Scientology TV Is Not Ready for Prime Time


"We are not here to preach to you, convince you or convert you," church leader David Miscavige said in on-screen remarks as the streaming network went live at 8 p.m. EDT. "No, we simply want to show you, because after all, the first principle of Scientology is that it's only true if it is true to you. So, take a look and then decide for yourself."

The first hour—really, the first 45 minutes I was able to watch before the app crashed—was essentially an infomercial. There was a tour of the group's Los Angeles headquarters, a look inside its churches and interviews with its members.

"I was four years old and I remember thinking 'why am I here,' one young male Scientologist said.

"When you close your eyes, you are literally on this journey... I went back, far back," another said.

Apparently, Scientology teaches its members how to breathe properly and makes the "able more able." Its practices include sweating out toxins in a sauna and using the famous e-meter device, which sends electric current through a person's body to supposedly help examine a person's mental state.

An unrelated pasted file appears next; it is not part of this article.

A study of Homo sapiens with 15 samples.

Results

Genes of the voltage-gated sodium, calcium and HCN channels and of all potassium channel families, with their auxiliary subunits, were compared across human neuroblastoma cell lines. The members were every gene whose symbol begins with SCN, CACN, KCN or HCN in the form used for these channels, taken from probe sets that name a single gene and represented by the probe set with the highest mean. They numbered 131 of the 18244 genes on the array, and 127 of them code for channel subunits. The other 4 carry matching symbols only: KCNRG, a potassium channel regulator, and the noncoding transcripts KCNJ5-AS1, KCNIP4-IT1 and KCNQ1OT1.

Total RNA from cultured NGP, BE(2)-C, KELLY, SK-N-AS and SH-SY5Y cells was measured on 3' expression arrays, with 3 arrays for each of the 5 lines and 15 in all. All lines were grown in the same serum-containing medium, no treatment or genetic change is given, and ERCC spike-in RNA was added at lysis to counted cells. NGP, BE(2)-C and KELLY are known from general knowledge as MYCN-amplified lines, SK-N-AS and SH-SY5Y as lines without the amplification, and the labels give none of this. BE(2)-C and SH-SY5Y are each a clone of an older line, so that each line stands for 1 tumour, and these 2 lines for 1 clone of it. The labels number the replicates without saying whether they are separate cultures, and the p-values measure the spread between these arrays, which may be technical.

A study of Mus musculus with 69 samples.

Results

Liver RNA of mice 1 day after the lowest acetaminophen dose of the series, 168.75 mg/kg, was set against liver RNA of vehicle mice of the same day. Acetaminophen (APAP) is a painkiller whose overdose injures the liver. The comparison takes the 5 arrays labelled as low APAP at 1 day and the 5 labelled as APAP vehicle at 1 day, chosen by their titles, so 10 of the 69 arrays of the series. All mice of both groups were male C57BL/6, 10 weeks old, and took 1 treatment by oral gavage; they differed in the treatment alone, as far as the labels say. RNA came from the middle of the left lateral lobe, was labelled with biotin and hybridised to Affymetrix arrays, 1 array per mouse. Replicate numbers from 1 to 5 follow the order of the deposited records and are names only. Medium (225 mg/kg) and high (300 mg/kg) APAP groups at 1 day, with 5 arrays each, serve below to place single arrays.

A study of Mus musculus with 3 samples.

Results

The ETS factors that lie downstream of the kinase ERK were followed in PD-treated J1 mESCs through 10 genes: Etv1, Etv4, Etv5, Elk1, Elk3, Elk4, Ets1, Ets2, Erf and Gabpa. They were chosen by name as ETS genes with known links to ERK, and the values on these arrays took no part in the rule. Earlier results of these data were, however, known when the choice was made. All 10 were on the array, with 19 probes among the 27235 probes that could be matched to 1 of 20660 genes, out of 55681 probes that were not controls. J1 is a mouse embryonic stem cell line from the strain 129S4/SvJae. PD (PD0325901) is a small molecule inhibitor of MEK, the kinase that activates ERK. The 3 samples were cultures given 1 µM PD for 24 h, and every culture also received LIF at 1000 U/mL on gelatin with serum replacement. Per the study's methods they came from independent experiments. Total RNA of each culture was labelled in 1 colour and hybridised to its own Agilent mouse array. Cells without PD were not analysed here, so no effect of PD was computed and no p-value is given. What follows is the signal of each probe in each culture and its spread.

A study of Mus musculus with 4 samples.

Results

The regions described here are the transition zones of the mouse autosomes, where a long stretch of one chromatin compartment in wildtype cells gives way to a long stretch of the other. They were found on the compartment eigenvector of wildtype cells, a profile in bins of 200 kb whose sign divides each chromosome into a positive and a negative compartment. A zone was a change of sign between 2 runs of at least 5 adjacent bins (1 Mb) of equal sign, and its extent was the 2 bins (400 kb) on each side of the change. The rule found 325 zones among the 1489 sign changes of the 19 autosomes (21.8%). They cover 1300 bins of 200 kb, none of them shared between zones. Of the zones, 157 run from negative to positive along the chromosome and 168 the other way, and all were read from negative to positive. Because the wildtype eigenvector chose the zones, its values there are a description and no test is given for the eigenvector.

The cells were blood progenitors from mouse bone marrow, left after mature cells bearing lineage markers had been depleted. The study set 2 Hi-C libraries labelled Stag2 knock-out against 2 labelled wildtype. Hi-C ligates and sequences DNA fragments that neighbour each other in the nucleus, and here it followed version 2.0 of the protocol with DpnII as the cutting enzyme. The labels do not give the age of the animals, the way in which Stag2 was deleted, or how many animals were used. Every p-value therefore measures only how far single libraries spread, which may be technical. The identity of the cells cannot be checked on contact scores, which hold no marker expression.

The only commercials that ran in the opening 45 minutes were promotions for the church and its original programming, which includes "Meet A Scientologist," where, as you might guess, a Scientologist is profiled; "Voices for Humanity," following a brother and sister who are working to end violence in Colombia; and "Destination: Scientology," which shows the construction of a church in Inglewood, Calif.

Perhaps the oddest moment of the episode of "Inside Scientology" came when police officers, saying they represent the Los Angeles Police Department, showed support for the Church of Scientology.

While Scientology boasts about its media production capabilities, the early viewing experience for Scientology TV was severly lacking, at least in my house. The browser-based stream crashed within the first few minutes of Miscavige's remarks. The Apple TV app wasn't much better. The sound kept cutting out and didn't match what was playing on the screen, the video skipped and restarted, and about 45 minutes in, the app failed for me altogether.

Scientology TV is available on Apple TV, Roku, Amazon Fire and Google Chromecast, as well as on DirecTV. While a DirecTV spokesman confirmed that the channel is airing on the satelitte operator, he declined to provide details on the agreement, including anything about advertising on the channel.

Checking back in this morning, Scientology TV replayed Miscavige's opening remarks and the same episode of "Inside Scientology." There was also the first episode of the three-part documentary series "L. Ron Hubbard: In His Own Voice."